Ninety-year-old Kimiko Nishimoto of Kumamoto has won worldwide adoration for her unique selfies.
Nishimoto took up photography in her 70s and now has more than 130,000 followers on Instagram. “A camera is a wonderful tool for enjoying life,” she said with a playful smile.
She takes many of her creative photos using the self-timer on a single-lens reflex camera, then edits and arranges them on a computer. She’s turned one room of the house where she lives alone into a studio.
Some of her more “active” shots have her running at the same speed as a vehicle and hanging from a laundry pole. “Actually, I have a bad back and can’t move very well,” she said.
Born in Brazil to a family of Japanese immigrants, Nishimoto was the second-oldest daughter of seven siblings. Her family returned to Japan when she was 8 years old. After managing a beauty salon in Kumamoto and doing other jobs, she married a civil servant and raised three children. Her husband died in 2012 at age 86.
“I want to keep taking pictures forever,” Nishimoto said in her son’s studio in Kumamoto.
Nishimoto’s date with photographic destiny came at age 72. A friend encouraged her to take a photography course being supervised by her oldest son, Kazutami, who’s a graphic designer.
Although she showed little skill, Nishimoto felt that looking through the viewfinder gave her a glimpse into a different world. She was hooked. “Even if I’m bedridden, I’ll keep taking pictures of the ceiling,” she said.
One of the assignments during the course was to take a self-portrait. Wanting to do something fun, she took a picture of herself with pens up her nose. Her friend and others liked it, and a fascination with selfies was born.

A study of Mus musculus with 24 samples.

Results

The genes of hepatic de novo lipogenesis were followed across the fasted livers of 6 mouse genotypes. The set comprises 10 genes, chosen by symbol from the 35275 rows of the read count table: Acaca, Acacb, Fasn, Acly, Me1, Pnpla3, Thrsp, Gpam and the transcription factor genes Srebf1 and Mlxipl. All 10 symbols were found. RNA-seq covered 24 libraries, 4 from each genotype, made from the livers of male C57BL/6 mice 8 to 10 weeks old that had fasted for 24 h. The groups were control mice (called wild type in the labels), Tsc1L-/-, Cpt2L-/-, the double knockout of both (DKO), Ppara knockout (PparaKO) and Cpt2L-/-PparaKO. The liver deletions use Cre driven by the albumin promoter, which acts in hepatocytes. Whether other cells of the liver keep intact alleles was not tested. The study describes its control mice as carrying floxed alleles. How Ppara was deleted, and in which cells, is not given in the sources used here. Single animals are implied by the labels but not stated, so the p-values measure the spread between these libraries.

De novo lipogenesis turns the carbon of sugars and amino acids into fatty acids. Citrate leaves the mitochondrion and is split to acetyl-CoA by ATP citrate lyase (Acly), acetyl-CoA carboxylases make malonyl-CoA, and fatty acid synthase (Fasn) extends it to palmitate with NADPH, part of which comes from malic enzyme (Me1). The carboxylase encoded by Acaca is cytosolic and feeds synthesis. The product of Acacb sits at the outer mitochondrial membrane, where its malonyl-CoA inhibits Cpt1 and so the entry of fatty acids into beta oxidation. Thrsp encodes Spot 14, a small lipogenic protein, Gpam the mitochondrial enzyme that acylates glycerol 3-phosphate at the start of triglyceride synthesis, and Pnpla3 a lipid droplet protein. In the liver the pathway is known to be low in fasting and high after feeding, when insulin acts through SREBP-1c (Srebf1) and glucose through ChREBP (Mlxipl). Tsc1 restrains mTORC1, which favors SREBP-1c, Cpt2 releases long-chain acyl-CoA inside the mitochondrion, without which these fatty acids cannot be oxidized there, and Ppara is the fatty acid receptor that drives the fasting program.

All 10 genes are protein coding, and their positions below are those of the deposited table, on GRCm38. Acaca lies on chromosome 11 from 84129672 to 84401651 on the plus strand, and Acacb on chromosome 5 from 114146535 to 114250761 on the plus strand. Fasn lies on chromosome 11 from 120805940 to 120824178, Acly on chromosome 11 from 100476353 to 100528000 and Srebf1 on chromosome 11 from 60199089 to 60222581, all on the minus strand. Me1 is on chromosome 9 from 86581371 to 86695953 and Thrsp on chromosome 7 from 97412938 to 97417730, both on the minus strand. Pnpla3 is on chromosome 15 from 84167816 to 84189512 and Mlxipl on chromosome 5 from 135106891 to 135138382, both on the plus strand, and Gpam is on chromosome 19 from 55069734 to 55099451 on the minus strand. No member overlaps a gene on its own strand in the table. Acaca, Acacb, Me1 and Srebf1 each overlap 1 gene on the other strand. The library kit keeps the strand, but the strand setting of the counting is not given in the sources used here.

She learned how to use a computer and imaging-processing technology.
At age 82, she had her first solo exhibition at the Kumamoto Prefectural Museum of Art Chibajo Branch. In 2016, a photo essay book titled “Hitori Janakayo” (Not alone) was published by Asukashinsha Publishing Co.
Her Instagram account gets positive comments from all over the world, and 16,000 people came to a solo exhibition in Tokyo’s Shinjuku Ward in December and January.
This year the magazine “Tsuhan Seikatsu” published a feature on her called “Jidori no Kimi-chan” (Selfie lover Kimi-chan). It also featured her in a TV commercial.
Nishimoto was shown using a tea kettle as a curling stone, inspired by the performance of the Japanese women’s curling team at the Pyeongchang Winter Olympics. A member of the magazine’s editorial department said they chose to feature Nishimoto because “we were moved by her appeal, which doesn’t make you feel her age.”
“She doesn’t have any particular talent. It’s like all kinds of ideas come to her as she’s enjoying taking pictures,” said son Kazutami.
“I guess my age got away from me. It makes me happy when I see the faces of people who like my photos,” Nishimoto said.